Half-year results to 30 September reveal loss, mainly driven by costs associated with a £378m debt-for-equity swap in September.

Jarvis, the quoted support services company that earlier this year saved itself from financial collapse, made a £60.9m loss in the first half of the year.

The loss was mainly driven by costs associated with a £378m debt-for-equity swap which gave Jarvis a much needed life-line in September.

Chairman Steven Norris said that the company had had made a £6.2m operating profit of £6.2m in the six months to 30 September, but that was stripped away on the balance sheet by £66.5m of finance costs.

Other exceptional costs were associated with the surrender of the long-term liability for the company’s planned head office at Smithfield in London. Jarvis is instead set to consolidate the business in York.

Chief executive Alan Lovell and finance director Alasdair Marnoch are set to leave Jarvis once its headquarters move to York in the first half of next year.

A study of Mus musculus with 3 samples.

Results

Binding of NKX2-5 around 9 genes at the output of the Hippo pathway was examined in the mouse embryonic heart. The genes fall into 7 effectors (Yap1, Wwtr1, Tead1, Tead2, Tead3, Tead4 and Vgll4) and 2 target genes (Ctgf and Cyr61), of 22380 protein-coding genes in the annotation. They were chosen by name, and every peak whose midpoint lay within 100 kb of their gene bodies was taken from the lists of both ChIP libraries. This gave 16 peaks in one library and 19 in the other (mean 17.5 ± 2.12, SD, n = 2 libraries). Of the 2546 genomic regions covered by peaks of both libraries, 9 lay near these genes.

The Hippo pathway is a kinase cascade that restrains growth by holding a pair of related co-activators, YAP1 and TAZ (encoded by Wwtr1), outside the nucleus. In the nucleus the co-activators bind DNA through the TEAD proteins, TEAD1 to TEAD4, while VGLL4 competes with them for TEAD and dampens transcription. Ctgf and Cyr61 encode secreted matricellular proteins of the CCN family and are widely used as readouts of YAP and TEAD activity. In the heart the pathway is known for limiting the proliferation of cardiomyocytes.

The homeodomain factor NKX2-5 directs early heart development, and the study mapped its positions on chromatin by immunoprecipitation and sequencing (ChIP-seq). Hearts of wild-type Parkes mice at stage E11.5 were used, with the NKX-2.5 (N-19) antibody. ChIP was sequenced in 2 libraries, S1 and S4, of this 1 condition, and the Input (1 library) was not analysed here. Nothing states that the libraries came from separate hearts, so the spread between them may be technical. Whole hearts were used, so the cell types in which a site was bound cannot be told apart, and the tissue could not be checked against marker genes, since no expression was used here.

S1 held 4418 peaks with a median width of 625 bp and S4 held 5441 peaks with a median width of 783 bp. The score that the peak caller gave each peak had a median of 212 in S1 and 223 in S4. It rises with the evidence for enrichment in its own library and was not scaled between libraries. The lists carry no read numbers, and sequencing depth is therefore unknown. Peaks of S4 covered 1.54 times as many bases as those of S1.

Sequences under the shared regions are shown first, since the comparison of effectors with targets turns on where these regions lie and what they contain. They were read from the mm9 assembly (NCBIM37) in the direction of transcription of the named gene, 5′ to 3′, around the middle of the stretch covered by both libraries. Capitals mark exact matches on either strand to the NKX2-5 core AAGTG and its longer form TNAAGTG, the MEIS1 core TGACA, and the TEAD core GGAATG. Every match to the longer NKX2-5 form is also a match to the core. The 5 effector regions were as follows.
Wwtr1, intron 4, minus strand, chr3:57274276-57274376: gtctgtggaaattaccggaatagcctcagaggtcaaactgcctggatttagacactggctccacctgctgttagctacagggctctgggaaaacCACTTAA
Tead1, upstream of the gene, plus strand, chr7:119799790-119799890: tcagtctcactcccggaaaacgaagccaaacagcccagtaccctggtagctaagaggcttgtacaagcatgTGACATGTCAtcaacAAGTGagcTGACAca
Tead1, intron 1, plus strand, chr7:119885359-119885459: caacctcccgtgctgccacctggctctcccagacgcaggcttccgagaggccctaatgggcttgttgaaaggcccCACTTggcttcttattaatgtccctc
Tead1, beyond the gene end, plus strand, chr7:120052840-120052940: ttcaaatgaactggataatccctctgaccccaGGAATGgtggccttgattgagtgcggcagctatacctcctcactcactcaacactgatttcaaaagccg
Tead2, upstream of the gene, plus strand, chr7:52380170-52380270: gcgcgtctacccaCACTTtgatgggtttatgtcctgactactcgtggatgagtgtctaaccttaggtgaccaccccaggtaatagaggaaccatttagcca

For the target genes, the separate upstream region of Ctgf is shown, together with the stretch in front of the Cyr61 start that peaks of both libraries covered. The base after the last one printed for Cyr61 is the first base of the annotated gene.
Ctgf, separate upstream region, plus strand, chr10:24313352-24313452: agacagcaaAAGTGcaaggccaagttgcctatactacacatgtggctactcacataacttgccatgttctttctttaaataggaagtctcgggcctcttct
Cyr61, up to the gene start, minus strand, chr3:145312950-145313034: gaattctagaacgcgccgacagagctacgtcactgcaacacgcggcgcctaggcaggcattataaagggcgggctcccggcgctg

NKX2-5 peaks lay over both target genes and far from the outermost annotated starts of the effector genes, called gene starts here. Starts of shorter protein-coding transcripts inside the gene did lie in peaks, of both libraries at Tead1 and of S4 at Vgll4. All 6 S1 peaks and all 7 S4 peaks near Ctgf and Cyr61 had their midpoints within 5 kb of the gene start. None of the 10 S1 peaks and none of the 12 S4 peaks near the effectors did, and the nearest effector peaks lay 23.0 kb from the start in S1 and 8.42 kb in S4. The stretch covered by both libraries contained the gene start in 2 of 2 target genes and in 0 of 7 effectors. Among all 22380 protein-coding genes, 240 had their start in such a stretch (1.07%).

Norris said: “Having survived what has been unquestionably the most difficult period in the company’s history and successfully completed one of the most complex and challenging restructurings seen on the London stock market, the company is returning to normality.”

Turnover fell by almost £100m to £204m, mainly associated with the exit from construction, most highways maintenance and delays to rail projects.

A highlight was the rail and plants business, which made an 11% operating margin, although the road and accommodation businesses both made a £2.5m loss.